On October 17 and 18, 1961, at the North Dakota State Capitol Building, state and regional engineers, planners and administrators met to continue discussing the use of funds from the Urban Renewal Administration to complete planning studies in the state,in particular the Fargo, ND, and Moorhead, MN, urbanized area. By the end of the meeting a tentative outline had been created for a Fargo-Moorhead Transportation Study and procedures for organizing the effort had been agreed upon. Thus, the first multi-jurisdictional growth plan for the Fargo-Moorhead urbanized area had began.
A year and a half (and dozens of meetings by various committees) later the first meeting of the Coordinating Committee for Fargo-Southwest Fargo-Moorhead-Dilworth Metropolitan Area Comprehensive Planning and Traffic Study was held on March 21, 1963. This was the first meeting of what would become today's Metro COG Policy Board.
In the years to come the organization would see many changes. The organizations lengthy name has changed, though often ever so slightly, several times since 1963 to arrive at its current form: The Fargo-Moorhead Metropolitan Council of Governments, or Metro COG for short. Originally the Metro COG worked primarily with the Department of Housing and Urban Development (better know as HUD). Today Metro COG works with the Federal Highway Administration and the North Dakota and Minnesota Departments of Transportation to conduct planning efforts and to assist in obtaining the construction funds necessary to improve the quality of life in the metropolitan area. The areas of expertise and the number of staff have fluctuated over the years. However, many of COGs former employees are now employees of the local municipalities, thus, keeping their multi-jurisdictional planning experience and skills in the area.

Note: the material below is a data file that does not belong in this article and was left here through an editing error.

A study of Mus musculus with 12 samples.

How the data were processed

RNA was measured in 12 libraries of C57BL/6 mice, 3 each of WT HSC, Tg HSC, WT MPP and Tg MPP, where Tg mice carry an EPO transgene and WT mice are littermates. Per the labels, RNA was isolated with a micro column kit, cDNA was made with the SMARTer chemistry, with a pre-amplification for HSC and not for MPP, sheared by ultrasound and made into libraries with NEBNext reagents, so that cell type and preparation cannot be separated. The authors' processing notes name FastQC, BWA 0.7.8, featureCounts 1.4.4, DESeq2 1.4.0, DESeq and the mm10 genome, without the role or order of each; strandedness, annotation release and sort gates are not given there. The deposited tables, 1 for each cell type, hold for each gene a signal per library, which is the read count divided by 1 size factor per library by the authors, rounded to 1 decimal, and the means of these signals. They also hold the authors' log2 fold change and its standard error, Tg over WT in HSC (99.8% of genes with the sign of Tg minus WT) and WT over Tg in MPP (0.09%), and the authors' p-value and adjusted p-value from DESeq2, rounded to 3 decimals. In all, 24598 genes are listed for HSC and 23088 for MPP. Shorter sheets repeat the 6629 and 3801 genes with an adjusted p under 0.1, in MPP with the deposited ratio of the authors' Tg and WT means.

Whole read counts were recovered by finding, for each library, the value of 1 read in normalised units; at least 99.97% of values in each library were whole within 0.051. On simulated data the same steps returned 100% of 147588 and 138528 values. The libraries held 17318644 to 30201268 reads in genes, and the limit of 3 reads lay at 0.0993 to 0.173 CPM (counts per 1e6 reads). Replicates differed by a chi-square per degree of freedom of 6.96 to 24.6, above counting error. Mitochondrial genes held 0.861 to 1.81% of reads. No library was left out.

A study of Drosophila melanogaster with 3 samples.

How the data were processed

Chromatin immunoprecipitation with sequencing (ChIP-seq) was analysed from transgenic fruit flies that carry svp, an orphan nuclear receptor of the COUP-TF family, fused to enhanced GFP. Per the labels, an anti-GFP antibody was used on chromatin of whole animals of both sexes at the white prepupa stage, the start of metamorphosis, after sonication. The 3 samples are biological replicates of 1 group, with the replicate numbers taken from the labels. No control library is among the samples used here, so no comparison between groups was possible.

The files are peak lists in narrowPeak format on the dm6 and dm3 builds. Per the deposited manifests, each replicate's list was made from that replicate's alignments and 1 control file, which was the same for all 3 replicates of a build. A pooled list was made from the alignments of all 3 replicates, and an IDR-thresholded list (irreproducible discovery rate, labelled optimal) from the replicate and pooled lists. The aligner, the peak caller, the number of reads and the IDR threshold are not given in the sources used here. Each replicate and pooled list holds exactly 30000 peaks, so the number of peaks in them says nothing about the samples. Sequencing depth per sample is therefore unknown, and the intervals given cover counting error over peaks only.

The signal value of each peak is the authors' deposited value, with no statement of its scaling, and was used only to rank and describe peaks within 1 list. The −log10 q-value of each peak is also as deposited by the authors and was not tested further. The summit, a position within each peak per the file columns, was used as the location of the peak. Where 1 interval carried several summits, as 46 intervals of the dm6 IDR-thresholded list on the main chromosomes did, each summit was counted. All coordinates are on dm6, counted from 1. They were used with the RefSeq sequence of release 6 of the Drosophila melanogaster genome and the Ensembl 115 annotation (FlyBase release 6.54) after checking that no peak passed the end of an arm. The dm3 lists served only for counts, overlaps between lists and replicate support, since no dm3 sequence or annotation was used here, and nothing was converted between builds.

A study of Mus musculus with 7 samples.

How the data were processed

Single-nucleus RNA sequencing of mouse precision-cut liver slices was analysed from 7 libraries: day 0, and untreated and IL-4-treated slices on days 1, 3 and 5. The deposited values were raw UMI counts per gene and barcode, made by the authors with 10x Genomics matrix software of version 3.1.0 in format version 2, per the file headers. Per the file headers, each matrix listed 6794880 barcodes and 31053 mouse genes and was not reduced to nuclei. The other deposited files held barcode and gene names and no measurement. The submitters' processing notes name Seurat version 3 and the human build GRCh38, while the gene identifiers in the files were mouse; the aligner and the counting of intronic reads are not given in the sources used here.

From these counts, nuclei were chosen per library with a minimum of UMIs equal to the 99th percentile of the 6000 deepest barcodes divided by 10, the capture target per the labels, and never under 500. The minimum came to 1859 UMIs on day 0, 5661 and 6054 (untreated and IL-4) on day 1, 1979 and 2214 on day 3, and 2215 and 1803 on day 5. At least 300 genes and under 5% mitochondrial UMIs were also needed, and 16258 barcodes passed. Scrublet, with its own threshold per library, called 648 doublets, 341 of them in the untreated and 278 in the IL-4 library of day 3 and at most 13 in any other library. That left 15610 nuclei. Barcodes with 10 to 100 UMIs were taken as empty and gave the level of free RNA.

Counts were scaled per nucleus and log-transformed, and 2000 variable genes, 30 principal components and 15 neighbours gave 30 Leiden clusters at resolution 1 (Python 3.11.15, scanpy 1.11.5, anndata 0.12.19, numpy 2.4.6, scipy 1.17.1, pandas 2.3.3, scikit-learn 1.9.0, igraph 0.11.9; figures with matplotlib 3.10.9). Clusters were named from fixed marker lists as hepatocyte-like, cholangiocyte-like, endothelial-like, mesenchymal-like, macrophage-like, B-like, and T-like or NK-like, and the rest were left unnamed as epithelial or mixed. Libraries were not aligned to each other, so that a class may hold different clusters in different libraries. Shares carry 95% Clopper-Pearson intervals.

With time, change is inevitable, and Metro COG looks forward to being part of that change. But Metro COG's mission to serve the local municipalities and citizens of the Fargo-Moorhead area in planning for their future and assisting in obtaining funding for improving their infrastructure will continue.